Alex Clark '16, the president of Phi Alpha Tau, has joined Emerson STANDS and implores college men to actively engage in dialogue and prevention of power-based interpersonal violence, which includes sexual assault. (Courtesy Photo)
Alex Clark ’16 said that before arriving at Emerson, the last thing he wanted was to be a part of Greek life. Now president of the Phi Alpha Tau fraternity, Clark, who is gay, is using his leadership role to encourage more male students to raise awareness of power–based interpersonal violence, and is an active member of Emerson STANDS—an acronym for Stand Together, Act Now, Do Something—through Emerson Violence Prevention and Response (VPR).
“If you ever find yourself in a situation where you feel unsafe, know that Emerson provides resources to make this a safe campus,” said Clark, a Visual and Media Arts major, who is also executive producer of the 34th Annual EVVY Awards.
Next month, Clark; fellow Tau brother Chris Dobens ’16, a Marketing Communication major; and VPR Director Melanie Matson are planning to attend the 2015 Conference on College Men at the University of Massachusetts Amherst, where they will lead a session on what men can do to prevent violence on college campuses.
How did you become interested in helping VPR?
Coming to Emerson, I never wanted to join Greek life because of the stigma about it in the media. You see movies where fraternities promote an environment all about partying and taking advantage of women, and I thought I had to fit that stereotype if I were to join a frat. However, at Emerson, it’s all about being the best you can. When I was elected president of Tau, sexual violence became a prominent issue societally that we needed to tackle because, while Tau is different from most fraternities, those stereotypes exist for a reason. There are organizations allowing this type of violence to happen, but there are fraternities that want to change the conversation. At the end of the day, it is our responsibility to take action; if we have the power to create a stereotype, we have the power to take it away.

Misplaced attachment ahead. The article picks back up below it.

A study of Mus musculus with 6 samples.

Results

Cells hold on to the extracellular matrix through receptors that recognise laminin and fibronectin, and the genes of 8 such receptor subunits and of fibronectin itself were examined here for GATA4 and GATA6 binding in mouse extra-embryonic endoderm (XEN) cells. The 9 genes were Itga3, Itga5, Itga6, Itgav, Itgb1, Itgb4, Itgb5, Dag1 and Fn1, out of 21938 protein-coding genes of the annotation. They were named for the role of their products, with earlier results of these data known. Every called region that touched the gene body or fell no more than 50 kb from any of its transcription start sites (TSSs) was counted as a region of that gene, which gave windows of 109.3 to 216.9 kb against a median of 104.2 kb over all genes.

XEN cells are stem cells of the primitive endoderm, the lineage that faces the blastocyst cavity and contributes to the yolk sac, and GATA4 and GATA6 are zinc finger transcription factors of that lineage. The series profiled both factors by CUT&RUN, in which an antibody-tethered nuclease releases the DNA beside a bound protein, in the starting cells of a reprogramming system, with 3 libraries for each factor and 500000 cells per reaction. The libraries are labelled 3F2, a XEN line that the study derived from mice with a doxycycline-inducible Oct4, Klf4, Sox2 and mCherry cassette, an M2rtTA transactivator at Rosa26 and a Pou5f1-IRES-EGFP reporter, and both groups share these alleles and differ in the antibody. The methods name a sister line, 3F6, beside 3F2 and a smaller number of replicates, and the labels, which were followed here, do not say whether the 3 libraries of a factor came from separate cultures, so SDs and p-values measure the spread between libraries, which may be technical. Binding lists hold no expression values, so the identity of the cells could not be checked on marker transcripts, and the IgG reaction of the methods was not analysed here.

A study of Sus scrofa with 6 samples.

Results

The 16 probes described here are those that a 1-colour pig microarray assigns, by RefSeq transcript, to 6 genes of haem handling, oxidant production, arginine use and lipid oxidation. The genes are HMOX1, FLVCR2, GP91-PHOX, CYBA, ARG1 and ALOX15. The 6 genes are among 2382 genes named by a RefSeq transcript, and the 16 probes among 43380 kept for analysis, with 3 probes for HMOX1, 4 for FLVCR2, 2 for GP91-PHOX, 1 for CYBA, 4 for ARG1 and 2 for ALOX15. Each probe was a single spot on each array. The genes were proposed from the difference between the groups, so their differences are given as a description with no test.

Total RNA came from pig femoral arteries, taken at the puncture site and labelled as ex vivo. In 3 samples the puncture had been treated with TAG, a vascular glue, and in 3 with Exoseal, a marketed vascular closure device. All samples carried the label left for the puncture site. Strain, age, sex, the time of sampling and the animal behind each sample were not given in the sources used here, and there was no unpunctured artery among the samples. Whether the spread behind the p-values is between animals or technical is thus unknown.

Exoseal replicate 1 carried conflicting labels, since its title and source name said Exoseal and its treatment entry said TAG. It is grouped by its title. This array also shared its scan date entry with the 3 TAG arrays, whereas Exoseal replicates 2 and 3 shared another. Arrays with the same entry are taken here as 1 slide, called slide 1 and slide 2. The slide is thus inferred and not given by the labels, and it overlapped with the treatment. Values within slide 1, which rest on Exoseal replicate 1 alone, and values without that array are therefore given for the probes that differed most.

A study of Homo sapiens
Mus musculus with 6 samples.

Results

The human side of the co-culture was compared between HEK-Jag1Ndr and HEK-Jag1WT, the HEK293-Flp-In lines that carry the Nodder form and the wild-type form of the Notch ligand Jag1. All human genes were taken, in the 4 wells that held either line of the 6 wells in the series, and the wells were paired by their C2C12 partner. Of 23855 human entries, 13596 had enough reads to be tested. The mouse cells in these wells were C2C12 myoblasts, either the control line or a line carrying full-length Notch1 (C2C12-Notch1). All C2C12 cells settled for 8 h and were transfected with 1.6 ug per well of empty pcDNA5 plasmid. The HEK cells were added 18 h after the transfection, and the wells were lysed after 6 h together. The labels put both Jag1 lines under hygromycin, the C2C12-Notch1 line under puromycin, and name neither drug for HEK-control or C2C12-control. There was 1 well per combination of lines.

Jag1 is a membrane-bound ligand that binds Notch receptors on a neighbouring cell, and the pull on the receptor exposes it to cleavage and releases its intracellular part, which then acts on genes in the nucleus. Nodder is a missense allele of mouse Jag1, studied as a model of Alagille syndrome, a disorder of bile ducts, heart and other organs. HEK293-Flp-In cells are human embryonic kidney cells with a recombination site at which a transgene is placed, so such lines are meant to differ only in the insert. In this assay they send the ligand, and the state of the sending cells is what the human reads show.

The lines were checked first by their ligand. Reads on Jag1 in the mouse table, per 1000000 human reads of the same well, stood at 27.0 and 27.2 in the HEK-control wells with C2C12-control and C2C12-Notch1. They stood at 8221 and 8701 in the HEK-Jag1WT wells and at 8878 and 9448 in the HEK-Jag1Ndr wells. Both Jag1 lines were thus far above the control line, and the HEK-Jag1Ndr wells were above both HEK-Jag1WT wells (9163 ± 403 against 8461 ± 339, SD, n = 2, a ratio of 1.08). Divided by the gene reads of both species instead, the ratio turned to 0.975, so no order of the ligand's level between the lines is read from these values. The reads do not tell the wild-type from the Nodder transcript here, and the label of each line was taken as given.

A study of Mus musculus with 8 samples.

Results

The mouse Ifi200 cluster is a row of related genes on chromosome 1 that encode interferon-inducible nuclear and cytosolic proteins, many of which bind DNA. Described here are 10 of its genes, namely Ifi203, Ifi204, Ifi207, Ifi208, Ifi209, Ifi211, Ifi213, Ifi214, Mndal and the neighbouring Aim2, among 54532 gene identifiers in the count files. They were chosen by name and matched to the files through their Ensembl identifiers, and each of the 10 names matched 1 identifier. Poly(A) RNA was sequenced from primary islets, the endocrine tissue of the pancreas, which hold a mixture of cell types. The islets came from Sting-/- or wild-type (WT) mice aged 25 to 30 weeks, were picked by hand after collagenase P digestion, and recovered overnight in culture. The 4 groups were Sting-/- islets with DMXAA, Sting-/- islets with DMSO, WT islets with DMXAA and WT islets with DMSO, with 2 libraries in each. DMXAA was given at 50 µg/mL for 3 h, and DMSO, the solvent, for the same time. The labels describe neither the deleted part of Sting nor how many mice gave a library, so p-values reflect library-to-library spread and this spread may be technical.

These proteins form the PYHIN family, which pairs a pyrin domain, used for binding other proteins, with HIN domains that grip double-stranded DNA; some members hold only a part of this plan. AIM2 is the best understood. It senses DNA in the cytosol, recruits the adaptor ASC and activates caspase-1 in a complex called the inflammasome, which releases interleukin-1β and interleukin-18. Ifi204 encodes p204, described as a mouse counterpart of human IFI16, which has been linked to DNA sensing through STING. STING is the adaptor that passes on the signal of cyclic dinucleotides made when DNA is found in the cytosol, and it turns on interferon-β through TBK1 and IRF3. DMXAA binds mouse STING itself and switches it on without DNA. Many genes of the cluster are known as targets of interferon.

What are you doing to prevent power–based interpersonal violence on campus?
Emerson is beginning to further establish the VPR office and I have worked closely with Melanie [Matson] to pursue this change. Also, Tau’s sister sorority, Kappa Gamma Chi, hosts an annual event called Emerald Empowerment Week to campaign against sexual assault and interpersonal violence, and I asked how Tau could get involved. This year’s theme, “Because We Are Equal,” was a great way for Tau to fit in because we realize that sexual violence happens to both females and males. This year, we co-sponsored two events. We screened The Hunting Ground, a documentary film I think everyone should watch. We also co-sponsored the Pay It Forward campaign, where we filmed Emerson students talking about their idea of what consent means and why it is an important issue to address on Emerson’s campus. Additionally, Phi Alpha Tau, along with VPR, hosted a screening and discussion of the film The Mask You Live In, [which examines] masculinity and what it means to be a man.
What does it mean to you to have a campus free of sexual assault and power-based violence?
I think it means that you can be any place on campus in any group of Emerson students and feel safe. You can walk down the street or go to class and never feel afraid or on edge. No one will question, “Can I do this” or “Can I wear this.” This will open up the conversation and people will feel comfortable speaking about these subjects. Emerson is taking a leadership role on this issue and many Greek organizations at Emerson are trying to make a positive impact. Tau specifically has spoken to Greek organizations at other Boston schools to make this a safer city. I think it will have a big impact throughout Boston and spread throughout the country.